Photo: Mint
Photo: Mint

Indian firms collect, share individuals’ data with third parties in dubious ways: report

  • Several private enterprises currently share the personal data of individuals with other entities and often use the services of companies with data broking business models, a report says
  • Such personal profiling may lead to businesses adopting a differentiated pricing strategy for individuals, the report says

NEW DELHI : Several private technology companies currently collect personal information of individuals without their explicit and transparent consent and share it with third party data brokers leading to detailed online behaviour profiling of individuals for business purposes, says a new report on data economy released on Thursday.

The report titled “Unlocking the potential of India’s data economy: practices, privacy and governance", brought out by Omidyar Network India, an investment firm, and Monitor Deloitte, a consultancy, said such behaviour profiling could lead to unfair discrimination or marginalisation of people as these profiles are incomplete or inaccurate. Many people will find such use of personal data unsettling, the report said. Such personal profiling may lead to businesses adopting a differentiated pricing strategy for individuals, the report said, citing examples of credit card and insurance companies.

The report makes a sharp critique of the current practices followed by several companies and recommends principles to be followed for protection of data privacy.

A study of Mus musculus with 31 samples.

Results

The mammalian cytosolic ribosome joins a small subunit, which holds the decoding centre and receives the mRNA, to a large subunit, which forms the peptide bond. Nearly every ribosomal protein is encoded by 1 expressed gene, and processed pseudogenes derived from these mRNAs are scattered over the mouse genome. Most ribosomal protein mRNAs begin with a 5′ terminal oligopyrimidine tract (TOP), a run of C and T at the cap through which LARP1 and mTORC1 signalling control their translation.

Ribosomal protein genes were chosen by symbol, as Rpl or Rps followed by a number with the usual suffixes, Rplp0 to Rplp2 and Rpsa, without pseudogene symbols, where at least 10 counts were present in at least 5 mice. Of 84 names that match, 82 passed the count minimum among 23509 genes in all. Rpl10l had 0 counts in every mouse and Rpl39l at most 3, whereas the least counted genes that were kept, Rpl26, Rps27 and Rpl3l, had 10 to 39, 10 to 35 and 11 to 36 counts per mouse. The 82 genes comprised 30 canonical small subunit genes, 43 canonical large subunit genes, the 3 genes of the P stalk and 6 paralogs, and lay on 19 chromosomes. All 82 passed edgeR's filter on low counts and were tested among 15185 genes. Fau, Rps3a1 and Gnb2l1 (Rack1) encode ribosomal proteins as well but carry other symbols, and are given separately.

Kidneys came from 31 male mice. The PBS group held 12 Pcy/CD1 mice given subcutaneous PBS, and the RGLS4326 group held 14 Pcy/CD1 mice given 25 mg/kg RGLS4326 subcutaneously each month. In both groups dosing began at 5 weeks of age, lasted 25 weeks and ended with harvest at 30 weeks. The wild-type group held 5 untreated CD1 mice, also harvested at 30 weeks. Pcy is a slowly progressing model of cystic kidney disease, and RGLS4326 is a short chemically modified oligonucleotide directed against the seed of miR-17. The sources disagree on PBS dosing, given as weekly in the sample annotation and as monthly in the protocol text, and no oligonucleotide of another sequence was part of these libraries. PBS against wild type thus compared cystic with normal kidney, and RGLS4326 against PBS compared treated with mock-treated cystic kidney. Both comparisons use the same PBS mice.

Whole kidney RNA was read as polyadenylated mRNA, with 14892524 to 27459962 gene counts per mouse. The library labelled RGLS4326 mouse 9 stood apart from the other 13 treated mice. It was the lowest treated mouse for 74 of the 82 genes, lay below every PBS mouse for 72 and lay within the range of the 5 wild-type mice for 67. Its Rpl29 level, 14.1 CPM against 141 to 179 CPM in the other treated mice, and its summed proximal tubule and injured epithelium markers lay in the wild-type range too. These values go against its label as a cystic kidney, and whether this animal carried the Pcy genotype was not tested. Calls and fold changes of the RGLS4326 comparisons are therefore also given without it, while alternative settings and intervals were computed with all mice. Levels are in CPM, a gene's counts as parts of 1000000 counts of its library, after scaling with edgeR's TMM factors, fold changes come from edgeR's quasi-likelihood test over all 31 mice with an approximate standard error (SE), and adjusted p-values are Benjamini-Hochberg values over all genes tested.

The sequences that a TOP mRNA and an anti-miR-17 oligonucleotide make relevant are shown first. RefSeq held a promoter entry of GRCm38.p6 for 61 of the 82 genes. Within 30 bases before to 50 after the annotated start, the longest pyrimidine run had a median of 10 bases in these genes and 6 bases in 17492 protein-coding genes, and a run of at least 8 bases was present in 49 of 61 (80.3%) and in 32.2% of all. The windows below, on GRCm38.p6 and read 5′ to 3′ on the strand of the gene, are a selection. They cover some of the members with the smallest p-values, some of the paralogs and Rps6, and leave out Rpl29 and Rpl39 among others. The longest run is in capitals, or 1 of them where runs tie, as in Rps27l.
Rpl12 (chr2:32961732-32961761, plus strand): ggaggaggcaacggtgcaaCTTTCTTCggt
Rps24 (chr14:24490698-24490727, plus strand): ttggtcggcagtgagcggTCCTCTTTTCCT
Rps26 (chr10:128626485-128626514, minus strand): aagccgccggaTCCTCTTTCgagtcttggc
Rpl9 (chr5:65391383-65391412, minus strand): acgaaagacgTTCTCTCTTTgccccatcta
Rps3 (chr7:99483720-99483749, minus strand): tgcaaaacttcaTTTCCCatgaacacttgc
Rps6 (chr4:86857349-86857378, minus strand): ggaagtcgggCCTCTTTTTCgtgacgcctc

“Several private enterprises currently share the personal data of individuals with other entities, and often use the services of companies with data broking business models… However, individual users seldom have any awareness about various entities that gain access to their personal data," said the report. The findings of the report is alarming considering the increase in use of internet data consumption and people’s reliance on technology companies. The report said that in 2017, India experienced the second-highest number of data breaches across the world accounting for 37% of the overall data breaches.

“Several private enterprises covered in our research currently do not have a standard or accessible process for the periodic deletion of data, and do not provide individuals with the “right to be forgotten," said the report.

The report said the growth in personal data collection is projected to continue, driven by strong consumer, enterprise and government initiatives.

As Indian consumers do not yet fully recognize the need for privacy, and the Personal Data Protection Bill is awaited, enterprises primarily adopt a ‘tick the box’ approach to compliance in data privacy and protection, it said.

The report suggested that ownership of personal data should rest with individuals, who should get a fair value for the data shared with an enterprise. It also suggested that informed consent for use of data was required.